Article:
The Bad Guys Won by Jeff Pearlman

In 1964, the mildly annoying (yet strangely endearing) Mr. Met earned a “Rookie of the Year” honor as Major League Baseball’s first live-action mascot. Reason enough for a swelled head. Hypnotically happy, Mr. Met — he of the tilted cap and permanent grin — has always had a swelled head. To a man, so did the miraculous 1986 New York Mets.

Well, maybe not to a man. Fan favorite Mookie Wilson, described as “Shea’s favorite son” and “one of the best guys in baseball,” and Ray Knight, a man “unmatched in character” according to Gary Carter, manage to escape Jeff Pearlman’s The Bad Guys Won with their modest reputations intact. Carter, despite being labeled as a geek and a phony, finishes a close third in the good guy department. The rest of the team come off as a bunch of spoiled, drunken, obnoxious jerks.

Pearlman’s roundup of the ’86 season feels like a dusted-off high school yearbook, packed with distant memories of old friends. The Mets were the cool kids, the jocks, the guys you wanted to hang with. Turns out they were also the coke addicts, the jailbirds, and the boors who trashed airplanes. (One of them may’ve even decapitated a cat!) Yet all the while, through the madness and mayhem and brawls and squabbles (and Roger McDowell’s endless hot-foots), they did what general manager Frank Cashen assembled them to do — win games. With the incredible Game 6 of the World Series, which began with a descent to the infield by a Met-crazed parachutist and ended with the most famous grounder in the history of baseball, they even managed to win games they’d already lost.

Yearbook browsing, though fun and filled with laughs, inevitably causes sadness. Lost youth, wasted opportunities, and so on. The Bad Guys Won is less a celebration of a season of destiny and more a gossipy, behind-the-scenes exposure of shortcomings, immaturity, and human frailty. For a sports fan, any recounting of the details of ’86 are worth reading, and Pearlman’s evenhanded coverage is certainly just that — equal parts sensational and poignant. Was Darryl Strawberry “selfish and vicious,” or a good guy possessed of “a warm heart?” Was Davey Johnson a managerial genius, or a lucky guy with the right team at the right time? To his credit, Pearlman simply relays his sources’ stories and lets you decide for yourself.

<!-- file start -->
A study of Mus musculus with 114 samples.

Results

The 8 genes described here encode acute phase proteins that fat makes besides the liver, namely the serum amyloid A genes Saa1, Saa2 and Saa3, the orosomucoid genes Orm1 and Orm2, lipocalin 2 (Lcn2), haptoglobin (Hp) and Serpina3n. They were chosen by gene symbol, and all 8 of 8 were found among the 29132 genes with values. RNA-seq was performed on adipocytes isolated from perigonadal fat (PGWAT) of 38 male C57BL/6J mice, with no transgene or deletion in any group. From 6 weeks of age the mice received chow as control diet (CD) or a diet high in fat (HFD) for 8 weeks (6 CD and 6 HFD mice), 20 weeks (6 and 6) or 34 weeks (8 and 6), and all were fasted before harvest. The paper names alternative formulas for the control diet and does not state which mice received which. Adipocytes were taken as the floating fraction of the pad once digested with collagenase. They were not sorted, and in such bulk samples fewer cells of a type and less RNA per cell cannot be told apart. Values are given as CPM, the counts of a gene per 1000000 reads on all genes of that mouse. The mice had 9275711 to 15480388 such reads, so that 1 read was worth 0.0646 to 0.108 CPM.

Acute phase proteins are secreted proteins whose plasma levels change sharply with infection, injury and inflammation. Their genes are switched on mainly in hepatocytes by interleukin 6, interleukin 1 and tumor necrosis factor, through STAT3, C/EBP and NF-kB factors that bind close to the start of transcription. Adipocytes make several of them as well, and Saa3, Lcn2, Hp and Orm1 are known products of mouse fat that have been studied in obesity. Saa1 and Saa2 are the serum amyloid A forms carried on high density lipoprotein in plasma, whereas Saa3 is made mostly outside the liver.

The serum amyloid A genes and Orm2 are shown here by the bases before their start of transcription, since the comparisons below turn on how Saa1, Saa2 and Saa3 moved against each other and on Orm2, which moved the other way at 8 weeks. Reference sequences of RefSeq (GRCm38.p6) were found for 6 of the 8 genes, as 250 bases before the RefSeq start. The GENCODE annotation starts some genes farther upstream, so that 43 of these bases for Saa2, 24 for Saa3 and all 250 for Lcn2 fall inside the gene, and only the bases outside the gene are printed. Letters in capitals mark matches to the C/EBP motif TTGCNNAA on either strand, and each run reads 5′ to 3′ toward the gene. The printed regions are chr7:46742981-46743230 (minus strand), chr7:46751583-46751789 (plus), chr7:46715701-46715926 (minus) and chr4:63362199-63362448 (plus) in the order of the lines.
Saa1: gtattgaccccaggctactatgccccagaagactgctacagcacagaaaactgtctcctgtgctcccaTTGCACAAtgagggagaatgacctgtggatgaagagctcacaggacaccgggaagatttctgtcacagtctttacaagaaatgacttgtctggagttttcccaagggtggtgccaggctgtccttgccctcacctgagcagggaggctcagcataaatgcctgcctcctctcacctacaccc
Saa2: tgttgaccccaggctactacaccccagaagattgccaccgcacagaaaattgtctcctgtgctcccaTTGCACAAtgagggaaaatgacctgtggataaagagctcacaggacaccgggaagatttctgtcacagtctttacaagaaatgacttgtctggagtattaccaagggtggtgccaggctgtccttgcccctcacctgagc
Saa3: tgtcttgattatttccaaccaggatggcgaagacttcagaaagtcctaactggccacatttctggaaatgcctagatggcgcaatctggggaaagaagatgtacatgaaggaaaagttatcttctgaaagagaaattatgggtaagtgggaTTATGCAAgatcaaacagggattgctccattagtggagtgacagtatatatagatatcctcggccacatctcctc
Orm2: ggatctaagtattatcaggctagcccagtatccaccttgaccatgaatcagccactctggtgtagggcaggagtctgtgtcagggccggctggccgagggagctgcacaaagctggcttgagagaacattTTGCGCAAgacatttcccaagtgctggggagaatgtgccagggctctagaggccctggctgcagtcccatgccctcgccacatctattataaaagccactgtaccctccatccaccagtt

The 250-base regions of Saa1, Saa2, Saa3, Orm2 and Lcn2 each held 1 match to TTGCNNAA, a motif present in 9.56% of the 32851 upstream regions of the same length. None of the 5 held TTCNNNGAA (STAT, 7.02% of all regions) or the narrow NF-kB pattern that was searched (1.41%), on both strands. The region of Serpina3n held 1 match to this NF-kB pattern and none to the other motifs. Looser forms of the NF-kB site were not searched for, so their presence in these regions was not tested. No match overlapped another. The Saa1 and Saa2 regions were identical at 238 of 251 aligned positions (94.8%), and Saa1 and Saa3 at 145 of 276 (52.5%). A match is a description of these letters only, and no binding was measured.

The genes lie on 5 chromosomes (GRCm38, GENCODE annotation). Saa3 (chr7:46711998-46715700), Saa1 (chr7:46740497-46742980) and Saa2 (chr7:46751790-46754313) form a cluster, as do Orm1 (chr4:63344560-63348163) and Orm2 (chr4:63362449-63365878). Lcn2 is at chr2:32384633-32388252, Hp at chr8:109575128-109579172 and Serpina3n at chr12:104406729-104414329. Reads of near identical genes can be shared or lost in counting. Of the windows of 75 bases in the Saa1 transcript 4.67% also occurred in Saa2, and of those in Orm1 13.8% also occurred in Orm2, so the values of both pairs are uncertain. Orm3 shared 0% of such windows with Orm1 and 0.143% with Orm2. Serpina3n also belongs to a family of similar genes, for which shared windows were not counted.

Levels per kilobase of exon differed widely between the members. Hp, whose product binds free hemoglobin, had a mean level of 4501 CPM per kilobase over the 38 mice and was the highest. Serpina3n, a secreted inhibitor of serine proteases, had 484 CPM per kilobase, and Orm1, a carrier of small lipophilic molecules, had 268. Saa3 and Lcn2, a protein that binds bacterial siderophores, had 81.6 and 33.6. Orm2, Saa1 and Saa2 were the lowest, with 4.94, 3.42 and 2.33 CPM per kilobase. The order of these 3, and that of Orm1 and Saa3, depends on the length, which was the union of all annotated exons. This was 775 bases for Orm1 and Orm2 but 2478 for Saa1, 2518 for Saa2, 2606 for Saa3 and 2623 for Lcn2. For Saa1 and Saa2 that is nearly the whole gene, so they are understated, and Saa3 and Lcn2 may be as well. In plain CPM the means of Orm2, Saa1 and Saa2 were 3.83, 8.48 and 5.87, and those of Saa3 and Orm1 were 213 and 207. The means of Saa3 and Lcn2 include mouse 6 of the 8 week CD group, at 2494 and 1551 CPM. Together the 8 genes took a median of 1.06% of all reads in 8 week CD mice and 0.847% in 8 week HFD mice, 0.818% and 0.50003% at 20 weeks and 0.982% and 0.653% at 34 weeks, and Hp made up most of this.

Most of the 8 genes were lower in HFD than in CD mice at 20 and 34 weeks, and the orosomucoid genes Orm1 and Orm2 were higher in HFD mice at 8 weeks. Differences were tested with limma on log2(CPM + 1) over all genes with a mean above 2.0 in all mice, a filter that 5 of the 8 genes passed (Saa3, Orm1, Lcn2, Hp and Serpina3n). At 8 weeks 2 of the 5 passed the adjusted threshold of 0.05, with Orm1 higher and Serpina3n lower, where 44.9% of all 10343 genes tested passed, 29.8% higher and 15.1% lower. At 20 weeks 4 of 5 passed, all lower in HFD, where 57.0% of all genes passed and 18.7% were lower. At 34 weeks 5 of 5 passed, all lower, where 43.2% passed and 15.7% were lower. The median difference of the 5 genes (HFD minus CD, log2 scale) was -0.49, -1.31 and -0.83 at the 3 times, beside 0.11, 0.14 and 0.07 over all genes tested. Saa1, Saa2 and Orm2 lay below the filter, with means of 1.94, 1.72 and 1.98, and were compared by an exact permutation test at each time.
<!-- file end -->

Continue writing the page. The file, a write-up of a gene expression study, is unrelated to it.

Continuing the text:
In a gracious move, an entire chapter is dedicated to Bill Buckner, the most cosmically-screwed ballplayer of all time. Does anyone remember the Mets losing Game 1 of the Series 1-0 as a direct result of an easy grounder rolling through the legs of second baseman Tim Teufel? Yet everyone remembers the Red Sox’ Buckner, hobbling over, reaching, creaking, lifting, freezing, glancing behind, freezing once more, and feeling what can only be described as… unimaginable. If the bad guys won, then maybe the good guys lost, and that’s certainly true in Buckner’s case.

Delicious pleasures in Pearlman’s work come in the form of long-forgotten details. The ups and downs of the dog days of summer, the nail-biting National League Championship Series against the Houston Astros, the names and descriptions of various players from the mid-eighties. You’ll find an array of dormant images rejuvenated in your mind’s eye. Doc Gooden’s smooth-as-silk delivery. Len Dykstra pounding walls and rounding bases. Keith Hernandez jabbing at Jesse Orosco, willing the closer to finish off the enemy.

At times, Pearlman’s metaphors (“antics that made Porky’s look like a documentary on convent life”) give the book the vibe of a sports nerd’s diary. Also, his clear Met bias dampens his claim that the ’86 squad was perhaps the best of any baseball team to wear a New York uniform. True, Met fans hate Yankee fans and vice versa, but to yawn at recent Yankee dominance, to call them “nothing more” than “a skilled yet boring cast of characters,” is to compromise objectivity, and to come across as… well… a sports nerd writing in a diary.

Whether or not the ’86 Mets were the league’s legitimate “bad guys” is debatable. Perhaps the absolute truth in many of Pearlman’s accounts is debatable. What’s not debatable is the ’86 Mets being part of something extraordinary. There will never be another Game 6 of the 1986 World Series. It was riveting theater — wonderful for baseball — and as Jeff Pearlman knows (with apologies to the great city of Boston), it will always be wonderful — amazin’ — to remember.